The Mets' David Wright connects for a two-run homer in...

The Mets' David Wright connects for a two-run homer in the first inning against the Marlins' Josh Johnson. (Apr. 5, 2010) Credit: AP

David Wright tried to downplay that first-inning moment, two pitches into 2010, when he seemed to completely tear up the lousy memories of 2009. But it was hard to ignore the overjoyed reactions of his teammates after Wright's two-run homer off Josh Johnson in the first inning Monday.

"You can see the looks on their faces when you come into the dugout . . . I really appreciate that," Wright said after his tone-setting homer in the Mets' 7-1 win over the Marlins. "That's a special feeling."

And perhaps a giant weight off Wright's back. His 10-homer 2009 has been dissected in all corners of Mets country, particularly his five Citi Field homers. But he managed to quiet lots of doubters and get roars of approval from his teammates and fans when he drove a 1-and-0 fastball down the rightfield line and into the field-level seats in his first at-bat of the season.

"Obviously, it's huge for David after what happened last year," said Jason Bay, who wasn't even here last year.

"We were joking when he came in. He said, 'They want me to pull the ball and I go 'oppo,' " Jeff Francoeur said. "I was like, 'I don't give a crap, it counts the same to me.'

"We've all said that David's got to lead us. David's got to step up and make this his team."

Wright put in lots of offseason work with hitting coach Howard Johnson, and it paid immediate dividends. The biggest thing for Wright was not necessarily muscling up, just a simple message that Johnson and Jerry Manuel reinforced over the winter and into spring training.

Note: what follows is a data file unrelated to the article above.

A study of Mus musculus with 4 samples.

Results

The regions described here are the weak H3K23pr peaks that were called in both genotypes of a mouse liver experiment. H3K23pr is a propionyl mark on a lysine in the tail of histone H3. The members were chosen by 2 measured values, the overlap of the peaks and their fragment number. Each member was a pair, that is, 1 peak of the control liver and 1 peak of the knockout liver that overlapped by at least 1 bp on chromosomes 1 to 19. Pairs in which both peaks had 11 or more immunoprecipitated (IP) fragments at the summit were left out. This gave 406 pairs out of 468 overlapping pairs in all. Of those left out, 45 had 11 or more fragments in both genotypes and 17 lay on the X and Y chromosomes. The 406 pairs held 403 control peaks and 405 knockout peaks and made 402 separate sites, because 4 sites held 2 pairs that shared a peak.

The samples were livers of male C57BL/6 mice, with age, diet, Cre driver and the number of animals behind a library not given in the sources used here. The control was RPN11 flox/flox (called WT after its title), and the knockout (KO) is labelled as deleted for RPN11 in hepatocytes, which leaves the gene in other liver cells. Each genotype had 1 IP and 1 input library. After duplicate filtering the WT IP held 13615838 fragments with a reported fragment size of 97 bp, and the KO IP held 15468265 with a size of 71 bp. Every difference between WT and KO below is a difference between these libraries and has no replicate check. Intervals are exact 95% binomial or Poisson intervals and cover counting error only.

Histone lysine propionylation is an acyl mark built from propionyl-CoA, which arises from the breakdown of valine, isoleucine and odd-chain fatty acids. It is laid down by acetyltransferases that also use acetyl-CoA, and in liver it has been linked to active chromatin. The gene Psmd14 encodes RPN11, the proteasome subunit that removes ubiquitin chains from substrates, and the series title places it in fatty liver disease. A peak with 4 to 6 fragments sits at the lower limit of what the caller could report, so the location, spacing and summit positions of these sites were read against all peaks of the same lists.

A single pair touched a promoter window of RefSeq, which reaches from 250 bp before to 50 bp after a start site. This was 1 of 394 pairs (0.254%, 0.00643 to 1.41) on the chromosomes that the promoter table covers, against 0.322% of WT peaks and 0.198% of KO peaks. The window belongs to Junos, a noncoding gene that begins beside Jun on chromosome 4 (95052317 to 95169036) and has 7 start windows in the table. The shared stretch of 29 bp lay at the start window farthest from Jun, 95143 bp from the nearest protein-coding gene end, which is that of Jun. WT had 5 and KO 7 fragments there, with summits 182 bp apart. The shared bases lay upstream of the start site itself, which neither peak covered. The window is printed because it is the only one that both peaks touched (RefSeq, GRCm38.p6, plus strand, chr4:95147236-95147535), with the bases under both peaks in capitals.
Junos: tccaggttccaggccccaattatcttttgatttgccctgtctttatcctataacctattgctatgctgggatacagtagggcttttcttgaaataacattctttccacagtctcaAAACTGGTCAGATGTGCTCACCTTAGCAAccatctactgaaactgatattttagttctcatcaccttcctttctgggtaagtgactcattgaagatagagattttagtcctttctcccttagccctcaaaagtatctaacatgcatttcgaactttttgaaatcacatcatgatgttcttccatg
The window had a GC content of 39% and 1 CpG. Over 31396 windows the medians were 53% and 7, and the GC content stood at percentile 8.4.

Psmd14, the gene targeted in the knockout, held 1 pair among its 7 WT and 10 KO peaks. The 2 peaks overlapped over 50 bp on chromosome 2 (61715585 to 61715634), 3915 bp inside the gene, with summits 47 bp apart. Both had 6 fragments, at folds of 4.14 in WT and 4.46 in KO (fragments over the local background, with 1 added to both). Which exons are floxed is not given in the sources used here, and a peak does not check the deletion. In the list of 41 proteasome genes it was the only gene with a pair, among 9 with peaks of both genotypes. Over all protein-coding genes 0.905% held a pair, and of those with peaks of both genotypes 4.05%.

"You get ahead in the count, you let it fly," Wright said. "If you miss, you miss. But I was ahead there and I got a pitch I thought I could handle."

Wright much preferred to talk about wins. He expects more than 10 home runs for himself, obviously, but he was quick to add, "I'm expecting to get more than 70-something wins, too.

"It's not about the home runs. I don't judge my success or lack of success on that. First and foremost, it's about wins; then it's about how many runs I drive in. Home runs are fun, they're a good momentum shift, but we're not going to live and die on how many home runs we hit."

Still, Wright will be judged in many places by whether he can put his 2009 season to bed. The wind was swirling Monday inside Citi Field, which yielded only Wright's home run and the usual array of well-hit balls and long outs. It still is a forbidding place for home run hitters.

But Wright wants to be sure everyone knows that's not how the Mets will win in 2010.

"Two runs," he said with a smile about that homer, even though everyone knows it meant much more than that.